For the new See of Sandhurst, the Holy See first chose Fr. Fortune, President of All Hallows, but he begged to be excused on grounds of his feeble health; the next choice was Canon Maguire of Dublin but his excuses likewise were accepted. The third choice was Martin Crane, of the Order of St. Augustine. He accepted the burden without demur. He was born in 1818 in the county of Wexford, and studied at the Diocesan College, whence he proceeded to the novitiate of the Augustinian Order at Grantstown, near Cork; he completed his ecclesiastical studies at the house of S. Maria in Posterula in Rome, where we was ordained on 12 April 1841.On his return to Ireland he was appointed to parochial duties, and he soon showed that he could handle heavy responsibilities. He was twice chosen as Provincial by his brother Augustinians, and was instrumental in erecting one of the finest churches in Dublin, St Augustine's, in John Street. He is said to have expended 100,000 on this magnificent church, and had visited America several times on successful begging expeditions. While on one of these expeditions he was informed of his appointment to the new Victorian diocese.
Martin Crane O.S.A. was consecrated bishop in Dublin on 21 September 1874 by Cardinal Cullen, one of the assistants being Patrick Francis Moran, later Cardinal Archbishop of Sydney. He brought two priests with him to Australia, one of them being his cousin, Fr. Stephen Reville who would become his right hand, as the Vicar General, coadjutor, and successor. He was given an enthusiastic welcome to Sandhurst by all classes, and was installed wit due solemnity on 23 May 1875 by his brother Augustinian, Archbishop Goold.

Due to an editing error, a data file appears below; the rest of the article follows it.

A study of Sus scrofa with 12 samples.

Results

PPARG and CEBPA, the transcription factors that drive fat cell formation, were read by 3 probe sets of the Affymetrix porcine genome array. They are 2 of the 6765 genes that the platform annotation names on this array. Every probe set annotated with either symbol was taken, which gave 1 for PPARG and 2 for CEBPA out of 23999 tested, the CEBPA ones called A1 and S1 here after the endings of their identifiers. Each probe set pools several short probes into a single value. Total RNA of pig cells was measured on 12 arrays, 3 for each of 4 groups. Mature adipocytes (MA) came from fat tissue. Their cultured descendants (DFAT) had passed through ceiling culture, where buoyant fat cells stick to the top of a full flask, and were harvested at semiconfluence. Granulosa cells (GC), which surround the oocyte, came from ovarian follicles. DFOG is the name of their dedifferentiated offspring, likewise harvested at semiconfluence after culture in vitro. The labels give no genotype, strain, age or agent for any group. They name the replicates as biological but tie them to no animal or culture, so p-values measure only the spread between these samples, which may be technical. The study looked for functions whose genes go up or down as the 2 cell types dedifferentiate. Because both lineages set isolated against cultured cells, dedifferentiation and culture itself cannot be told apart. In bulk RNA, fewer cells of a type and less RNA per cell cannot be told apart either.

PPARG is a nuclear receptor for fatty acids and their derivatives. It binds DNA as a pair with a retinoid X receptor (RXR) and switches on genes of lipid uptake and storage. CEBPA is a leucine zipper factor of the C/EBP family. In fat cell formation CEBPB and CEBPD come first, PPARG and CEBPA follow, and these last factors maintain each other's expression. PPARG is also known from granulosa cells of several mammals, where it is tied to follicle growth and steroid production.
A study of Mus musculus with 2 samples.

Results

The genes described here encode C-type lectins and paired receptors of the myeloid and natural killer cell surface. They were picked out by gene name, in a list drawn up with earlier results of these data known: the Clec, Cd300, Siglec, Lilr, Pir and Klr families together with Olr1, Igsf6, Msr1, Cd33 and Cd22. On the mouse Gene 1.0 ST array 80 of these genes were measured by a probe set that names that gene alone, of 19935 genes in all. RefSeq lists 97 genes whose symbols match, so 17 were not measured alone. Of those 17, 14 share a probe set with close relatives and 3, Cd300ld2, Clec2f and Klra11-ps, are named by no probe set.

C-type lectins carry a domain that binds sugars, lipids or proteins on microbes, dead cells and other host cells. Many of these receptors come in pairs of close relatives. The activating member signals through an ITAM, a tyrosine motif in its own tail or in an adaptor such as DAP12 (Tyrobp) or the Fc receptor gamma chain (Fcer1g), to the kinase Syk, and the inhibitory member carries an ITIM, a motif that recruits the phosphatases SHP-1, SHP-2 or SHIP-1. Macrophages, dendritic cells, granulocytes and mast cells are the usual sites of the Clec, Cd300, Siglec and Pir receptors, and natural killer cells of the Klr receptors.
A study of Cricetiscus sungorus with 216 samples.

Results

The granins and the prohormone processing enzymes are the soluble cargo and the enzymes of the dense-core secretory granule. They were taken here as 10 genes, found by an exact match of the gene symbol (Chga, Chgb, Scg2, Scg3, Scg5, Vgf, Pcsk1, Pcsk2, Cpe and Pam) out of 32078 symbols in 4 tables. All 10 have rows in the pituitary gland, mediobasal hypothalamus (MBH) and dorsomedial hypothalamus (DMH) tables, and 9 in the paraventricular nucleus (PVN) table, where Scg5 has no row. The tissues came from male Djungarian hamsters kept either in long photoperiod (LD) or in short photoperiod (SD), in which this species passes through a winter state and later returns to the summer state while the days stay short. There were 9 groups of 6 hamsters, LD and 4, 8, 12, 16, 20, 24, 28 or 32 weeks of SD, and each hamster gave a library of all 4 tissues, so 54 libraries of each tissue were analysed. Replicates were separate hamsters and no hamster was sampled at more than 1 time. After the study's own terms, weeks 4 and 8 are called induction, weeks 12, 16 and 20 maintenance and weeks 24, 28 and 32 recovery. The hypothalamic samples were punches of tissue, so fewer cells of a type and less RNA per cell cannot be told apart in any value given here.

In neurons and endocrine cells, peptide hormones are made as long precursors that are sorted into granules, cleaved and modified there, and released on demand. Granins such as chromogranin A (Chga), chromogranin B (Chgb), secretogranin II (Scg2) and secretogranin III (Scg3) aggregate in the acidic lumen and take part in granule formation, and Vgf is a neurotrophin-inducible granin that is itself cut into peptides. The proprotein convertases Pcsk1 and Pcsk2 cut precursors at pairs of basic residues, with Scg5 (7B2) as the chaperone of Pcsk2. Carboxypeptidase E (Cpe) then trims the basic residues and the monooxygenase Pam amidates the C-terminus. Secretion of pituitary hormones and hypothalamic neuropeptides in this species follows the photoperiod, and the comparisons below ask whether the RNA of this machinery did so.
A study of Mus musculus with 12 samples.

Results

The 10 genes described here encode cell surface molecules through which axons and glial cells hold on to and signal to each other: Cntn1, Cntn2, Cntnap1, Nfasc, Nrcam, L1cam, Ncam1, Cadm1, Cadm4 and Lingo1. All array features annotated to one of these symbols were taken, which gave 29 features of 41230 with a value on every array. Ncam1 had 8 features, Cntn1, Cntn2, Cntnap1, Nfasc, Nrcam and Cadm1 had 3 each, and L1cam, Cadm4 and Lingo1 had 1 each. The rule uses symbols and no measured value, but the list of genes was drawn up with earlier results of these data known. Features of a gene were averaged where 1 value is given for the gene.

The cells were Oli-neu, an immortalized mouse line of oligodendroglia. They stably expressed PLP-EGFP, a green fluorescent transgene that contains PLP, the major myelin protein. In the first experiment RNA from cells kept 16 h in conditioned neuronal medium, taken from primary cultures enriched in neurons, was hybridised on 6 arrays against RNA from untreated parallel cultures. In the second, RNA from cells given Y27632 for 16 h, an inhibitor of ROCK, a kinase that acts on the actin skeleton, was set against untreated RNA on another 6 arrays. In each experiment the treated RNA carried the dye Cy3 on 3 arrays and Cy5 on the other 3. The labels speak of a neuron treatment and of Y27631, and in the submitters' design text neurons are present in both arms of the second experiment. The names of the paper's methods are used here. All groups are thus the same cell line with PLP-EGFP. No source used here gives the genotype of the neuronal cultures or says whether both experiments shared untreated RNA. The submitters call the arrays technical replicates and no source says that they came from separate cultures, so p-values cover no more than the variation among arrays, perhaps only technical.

In 1885 Stephen Reville O.S.A. was ordained as Coadjutor Bishop to Dr. Crane. For the next sixteen years he would bear a great deal of the responsibility of the Diocese of Sandhurst. Bishop Crane celebrated the silver jubilee of his episcopate in 1899. The celebration was subdued, because of his advanced age and infirmity, but very earnest. In 1901, the first completed portion of the Cathedral was opened; the grand occasion was too much for his enfeebled health, and as he left the sanctuary, he was heard to murmur: 'Nunc dimiffis serum tuum, Domine, in pace'. He died on 21 October, 1901.
In the panegryic, Archbishop Carr summed up his life in a series of questions:
“. . . has he not been chastened and purified during the last seventeen or eighteen years in the crucible of the greatest physical privation and pain to which human nature is liable, and has he not borne his great trial with the patience of a martyr and the resignation of a saints . . . Has he not been a founder and father of a great diocese, has he not watched over its early struggles, filled it with noble institutions, provided religious education for the children, the means of pursuing the higher spiritual life for those whom God has called to his special service, and ample opportunities of sanctification for all? . . .”
Excerpts from “A History of the Catholic Church in Victoria” by D F Bourke 1988.